Cargo Liability: Carmack vs. COGSA

John Anderson Cargo Liability, Transportation

The Supreme Court recently held that carriers (motor and rail) are entitled to the protections afforded by the Carriage of Goods by the Sea Act (“COGSA”) even if they provide only domestic service, that is, what generally is referred to as the “inland portion” of an international move. This means that the carrier’s liability generally is limited to $500 “per package,” which amount is frequently much less than under Carmack. To be entitled to the benefits of COGSA, the following conditions must exist:

  1. The shipment must be subject to COGSA, that is, it must be transported by an ocean carrier engaged in foreign trade;
  2. The ocean carrier must issue a through bill of lading, that is, one that covers the shipment from its point of origin in the foreign country to its ultimate destination in the United States;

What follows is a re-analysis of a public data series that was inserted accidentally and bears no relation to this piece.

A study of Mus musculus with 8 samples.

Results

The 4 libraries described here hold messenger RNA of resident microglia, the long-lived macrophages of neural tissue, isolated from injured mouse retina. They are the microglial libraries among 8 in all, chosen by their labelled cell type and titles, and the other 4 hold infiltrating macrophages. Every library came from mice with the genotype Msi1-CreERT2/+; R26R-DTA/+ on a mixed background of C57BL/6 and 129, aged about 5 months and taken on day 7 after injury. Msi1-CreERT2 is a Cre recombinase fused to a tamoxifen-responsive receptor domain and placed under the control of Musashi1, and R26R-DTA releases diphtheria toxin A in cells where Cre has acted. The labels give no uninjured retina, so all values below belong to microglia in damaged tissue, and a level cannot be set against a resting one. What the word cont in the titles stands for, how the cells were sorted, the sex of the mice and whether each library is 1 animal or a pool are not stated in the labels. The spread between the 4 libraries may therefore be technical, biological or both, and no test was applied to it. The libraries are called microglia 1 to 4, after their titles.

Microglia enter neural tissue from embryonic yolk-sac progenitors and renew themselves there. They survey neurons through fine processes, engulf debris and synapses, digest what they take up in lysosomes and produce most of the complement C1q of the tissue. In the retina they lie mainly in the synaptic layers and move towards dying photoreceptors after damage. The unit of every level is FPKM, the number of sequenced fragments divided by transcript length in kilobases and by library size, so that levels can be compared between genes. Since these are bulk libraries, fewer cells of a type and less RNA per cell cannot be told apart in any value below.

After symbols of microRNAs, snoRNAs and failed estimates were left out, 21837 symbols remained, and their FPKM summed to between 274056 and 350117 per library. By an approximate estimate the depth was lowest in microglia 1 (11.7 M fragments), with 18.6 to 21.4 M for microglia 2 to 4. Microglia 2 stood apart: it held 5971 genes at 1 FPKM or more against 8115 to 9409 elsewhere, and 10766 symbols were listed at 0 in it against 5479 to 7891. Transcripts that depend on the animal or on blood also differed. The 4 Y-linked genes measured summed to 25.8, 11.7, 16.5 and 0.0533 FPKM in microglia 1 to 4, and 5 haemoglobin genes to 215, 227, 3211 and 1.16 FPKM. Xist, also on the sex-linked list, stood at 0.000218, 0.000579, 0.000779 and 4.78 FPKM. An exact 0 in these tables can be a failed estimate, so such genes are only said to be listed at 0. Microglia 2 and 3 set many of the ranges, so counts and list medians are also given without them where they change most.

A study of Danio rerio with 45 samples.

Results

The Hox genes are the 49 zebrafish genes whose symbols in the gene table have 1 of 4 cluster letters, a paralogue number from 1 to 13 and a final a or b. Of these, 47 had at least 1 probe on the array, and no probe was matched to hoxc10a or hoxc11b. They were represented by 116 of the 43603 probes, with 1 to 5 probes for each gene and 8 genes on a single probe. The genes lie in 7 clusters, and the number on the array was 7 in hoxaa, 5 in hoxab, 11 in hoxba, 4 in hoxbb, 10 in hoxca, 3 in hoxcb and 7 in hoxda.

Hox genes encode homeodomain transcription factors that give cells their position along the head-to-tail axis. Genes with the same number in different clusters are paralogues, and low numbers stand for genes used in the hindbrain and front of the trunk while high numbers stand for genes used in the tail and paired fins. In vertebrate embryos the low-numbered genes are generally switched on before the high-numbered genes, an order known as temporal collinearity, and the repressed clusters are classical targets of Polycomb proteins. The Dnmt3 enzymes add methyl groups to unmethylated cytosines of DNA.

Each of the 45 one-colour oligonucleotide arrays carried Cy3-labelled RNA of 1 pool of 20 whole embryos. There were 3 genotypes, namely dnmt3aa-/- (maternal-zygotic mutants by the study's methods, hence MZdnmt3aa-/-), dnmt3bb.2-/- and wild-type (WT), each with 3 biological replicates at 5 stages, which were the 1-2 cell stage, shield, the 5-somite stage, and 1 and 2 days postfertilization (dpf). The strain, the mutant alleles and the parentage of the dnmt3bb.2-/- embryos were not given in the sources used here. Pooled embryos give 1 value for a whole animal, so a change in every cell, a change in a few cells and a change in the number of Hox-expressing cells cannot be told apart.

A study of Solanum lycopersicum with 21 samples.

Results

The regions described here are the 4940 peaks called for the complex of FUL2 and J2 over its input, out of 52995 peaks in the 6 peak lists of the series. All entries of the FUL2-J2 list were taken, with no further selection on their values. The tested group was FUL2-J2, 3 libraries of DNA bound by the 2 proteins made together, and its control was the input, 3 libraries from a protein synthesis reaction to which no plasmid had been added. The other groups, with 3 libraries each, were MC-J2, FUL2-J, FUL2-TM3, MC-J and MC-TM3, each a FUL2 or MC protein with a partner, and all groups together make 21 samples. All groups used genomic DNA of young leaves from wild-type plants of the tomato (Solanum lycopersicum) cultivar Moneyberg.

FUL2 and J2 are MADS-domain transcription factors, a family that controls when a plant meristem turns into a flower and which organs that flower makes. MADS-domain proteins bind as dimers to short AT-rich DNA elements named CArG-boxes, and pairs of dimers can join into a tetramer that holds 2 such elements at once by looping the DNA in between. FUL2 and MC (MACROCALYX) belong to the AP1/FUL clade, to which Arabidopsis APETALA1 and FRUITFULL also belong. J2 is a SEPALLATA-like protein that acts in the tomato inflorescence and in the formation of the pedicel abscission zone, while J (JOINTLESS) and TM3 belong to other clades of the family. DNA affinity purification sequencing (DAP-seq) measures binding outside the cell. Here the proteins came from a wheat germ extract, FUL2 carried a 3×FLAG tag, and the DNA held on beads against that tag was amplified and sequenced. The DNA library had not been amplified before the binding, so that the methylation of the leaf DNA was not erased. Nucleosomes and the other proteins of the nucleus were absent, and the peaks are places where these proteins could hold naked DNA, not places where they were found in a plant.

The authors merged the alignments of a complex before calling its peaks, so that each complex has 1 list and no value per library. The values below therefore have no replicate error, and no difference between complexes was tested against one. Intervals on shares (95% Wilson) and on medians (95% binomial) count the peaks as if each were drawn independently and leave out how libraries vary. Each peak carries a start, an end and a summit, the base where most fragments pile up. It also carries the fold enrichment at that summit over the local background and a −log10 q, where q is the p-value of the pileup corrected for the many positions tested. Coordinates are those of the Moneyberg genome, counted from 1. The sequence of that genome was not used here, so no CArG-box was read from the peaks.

3. The ocean carrier’s through bill of lading must allow it to subcontract portions of the transportation provided (e.g., the inland portion); and
  4. The ocean carrier’s through bill of lading must contain a “Himalaya Clause” which extends the bill of lading’s defenses and liability limitations to subcontractors.

It is important for all parties to an international shipment to know which law governs liability. Shippers need to be aware of COGSA’s limits and the likelihood that those limits will apply to inland motor and rail carriers which, in turn, can impact the liability imposed on third party intermediaries and freight forwarders. Similarly, carriers need to know that Carmack does not always apply to their shipments and that other, more favorable, laws may apply.